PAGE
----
President Trump is urging the country to return to normal in many ways, but not when it comes to immigration. Yesterday, the administration renewed orders to close the Canadian and Mexican borders. And today, Vice President Mike Pence says the White House is considering restricting travel from more countries hit hard by the coronavirus. Meanwhile, legal immigration has nearly come to a standstill. NPR's Joel Rose joins us to walk us through all of this.

Hi, Joel.


SHAPIRO: First, just tell us what's happening on the border.

ROSE: Well, as you said, the administration is extending these orders to close the borders. This affects nonessential travel. So workers and commercial trucks, for example, can still get across, but not migrants who want to come to the U.S. to ask for asylum here. They are being turned away from the southern border. Even children who cross without their parents are being deported. And that's a big break from long-standing policy and U.S. law that is meant to protect these vulnerable people.

SHAPIRO: And how does the administration justify this?

ROSE: Well, the administration is framing this as a matter of public health. The Centers for Disease Control and Prevention says these policies are necessary to prevent the spread of the coronavirus. But public health officials across the country - some have cried foul. Dozens of them sent a letter to the CDC this week urging it to reopen the border to asylum seekers. They say that can be done safely. Instead, the CDC yesterday extended its justification for this policy indefinitely.

SHAPIRO: Also, the White House has limited travel from certain countries. What did Vice President Pence have to say about that today?

ROSE: Yeah. The U.S. has banned foreign nationals who's - who have visited China and Iran and most of Europe in the past two weeks. Now the vice president is talking about adding more travel restrictions.


VICE PRESIDENT MIKE PENCE: We're watching very carefully what's taking place in South America, including in Brazil. We saw in recent days there was a significant spike in cases. And the president's made it clear that we are considering additional travel restrictions.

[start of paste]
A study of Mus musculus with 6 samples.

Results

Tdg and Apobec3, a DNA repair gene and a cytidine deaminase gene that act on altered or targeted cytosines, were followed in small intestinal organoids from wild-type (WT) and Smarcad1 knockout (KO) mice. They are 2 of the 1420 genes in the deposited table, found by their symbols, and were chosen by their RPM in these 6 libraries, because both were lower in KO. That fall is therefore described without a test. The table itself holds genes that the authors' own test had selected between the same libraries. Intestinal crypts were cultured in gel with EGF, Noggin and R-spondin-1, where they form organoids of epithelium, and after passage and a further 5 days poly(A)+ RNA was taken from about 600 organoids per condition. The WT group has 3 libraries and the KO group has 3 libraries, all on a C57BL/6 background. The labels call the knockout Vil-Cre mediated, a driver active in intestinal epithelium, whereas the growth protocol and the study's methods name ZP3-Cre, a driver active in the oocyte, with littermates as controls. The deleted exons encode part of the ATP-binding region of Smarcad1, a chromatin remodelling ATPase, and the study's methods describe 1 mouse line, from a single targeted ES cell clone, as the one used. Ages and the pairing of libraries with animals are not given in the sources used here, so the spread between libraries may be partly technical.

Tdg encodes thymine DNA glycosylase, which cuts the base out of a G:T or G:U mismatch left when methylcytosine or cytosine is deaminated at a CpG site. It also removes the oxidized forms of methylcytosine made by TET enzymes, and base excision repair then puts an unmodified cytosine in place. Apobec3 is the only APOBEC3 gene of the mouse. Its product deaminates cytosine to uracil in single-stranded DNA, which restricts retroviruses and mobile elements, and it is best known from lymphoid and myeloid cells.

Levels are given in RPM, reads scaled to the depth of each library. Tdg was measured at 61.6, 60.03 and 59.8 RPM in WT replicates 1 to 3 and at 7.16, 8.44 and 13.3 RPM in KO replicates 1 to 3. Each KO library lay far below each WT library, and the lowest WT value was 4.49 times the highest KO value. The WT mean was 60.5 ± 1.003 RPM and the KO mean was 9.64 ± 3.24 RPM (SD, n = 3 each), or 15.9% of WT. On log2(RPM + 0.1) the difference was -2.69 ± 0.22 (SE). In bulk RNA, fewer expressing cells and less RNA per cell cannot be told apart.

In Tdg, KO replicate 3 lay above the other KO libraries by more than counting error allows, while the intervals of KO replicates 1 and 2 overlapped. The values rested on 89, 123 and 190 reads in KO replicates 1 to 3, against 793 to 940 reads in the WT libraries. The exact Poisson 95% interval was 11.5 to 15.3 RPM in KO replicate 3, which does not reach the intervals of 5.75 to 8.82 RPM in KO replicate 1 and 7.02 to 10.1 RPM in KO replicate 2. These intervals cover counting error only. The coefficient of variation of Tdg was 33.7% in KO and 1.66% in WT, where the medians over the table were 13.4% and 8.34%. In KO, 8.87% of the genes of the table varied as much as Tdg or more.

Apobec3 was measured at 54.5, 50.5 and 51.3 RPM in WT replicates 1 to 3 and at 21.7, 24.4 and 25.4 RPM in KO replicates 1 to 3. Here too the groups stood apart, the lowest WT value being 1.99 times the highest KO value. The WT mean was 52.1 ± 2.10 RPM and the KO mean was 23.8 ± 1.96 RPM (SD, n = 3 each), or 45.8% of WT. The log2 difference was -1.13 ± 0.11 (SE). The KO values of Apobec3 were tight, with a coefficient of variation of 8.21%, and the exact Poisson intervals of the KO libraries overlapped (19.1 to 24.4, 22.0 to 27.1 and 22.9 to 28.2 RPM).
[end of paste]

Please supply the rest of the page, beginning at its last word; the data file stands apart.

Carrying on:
SHAPIRO: So those would be restrictions on people coming into the United States. What about immigrants who are already in the country?

ROSE: Well, the legal immigration system has also been disrupted by the coronavirus. Applications for green cards and citizenship are way down. That's partly because the offices that handle those applications have been closed to the public since March. And it's also because even before the pandemic, the administration had been making it harder for people to apply and to get approval for some of these things.

Now the system itself is starting to buckle. U.S. Citizenship and Immigration Services says it's running out of money. The agency funds its operations with application fees that it charges immigrants. And so it's had to ask Congress for $1.2 billion in emergency funding to stay afloat.

SHAPIRO: And what have you heard about how all this news is being received within immigrant communities?

ROSE: Well, they are deeply suspicious of this administration and its motives. Many think the White House is using the pandemic as an excuse to get what it has always wanted on immigration. I talked to Ur Jaddou. She's a former chief counsel at USCIS, now with the nonprofit DHS Watch in Washington.

UR JADDOU: All you have to do is look back from the beginning of the administration and walk through policy after policy, which attacks every single area of immigration. Now, with a public health emergency, they can now claim that as a pretext.

ROSE: These measures have been billed as temporary, but many advocates believe that the administration wants to make them permanent because they achieve some of its long-standing goals - closing down asylum at the southern border, deporting unaccompanied children and limiting legal immigration. Now the White House is weighing cuts to temporary work visas. That idea was floated last month. It ran into a lot of opposition from big employers. But the pandemic hasn't gone away, and neither has that idea.

SHAPIRO: NPR's Joel Rose, thank you very much.

ROSE: Yeah. You're welcome. Transcript provided by NPR, Copyright NPR.

Joel Rose is a correspondent on NPR's National Desk. He covers immigration and breaking news.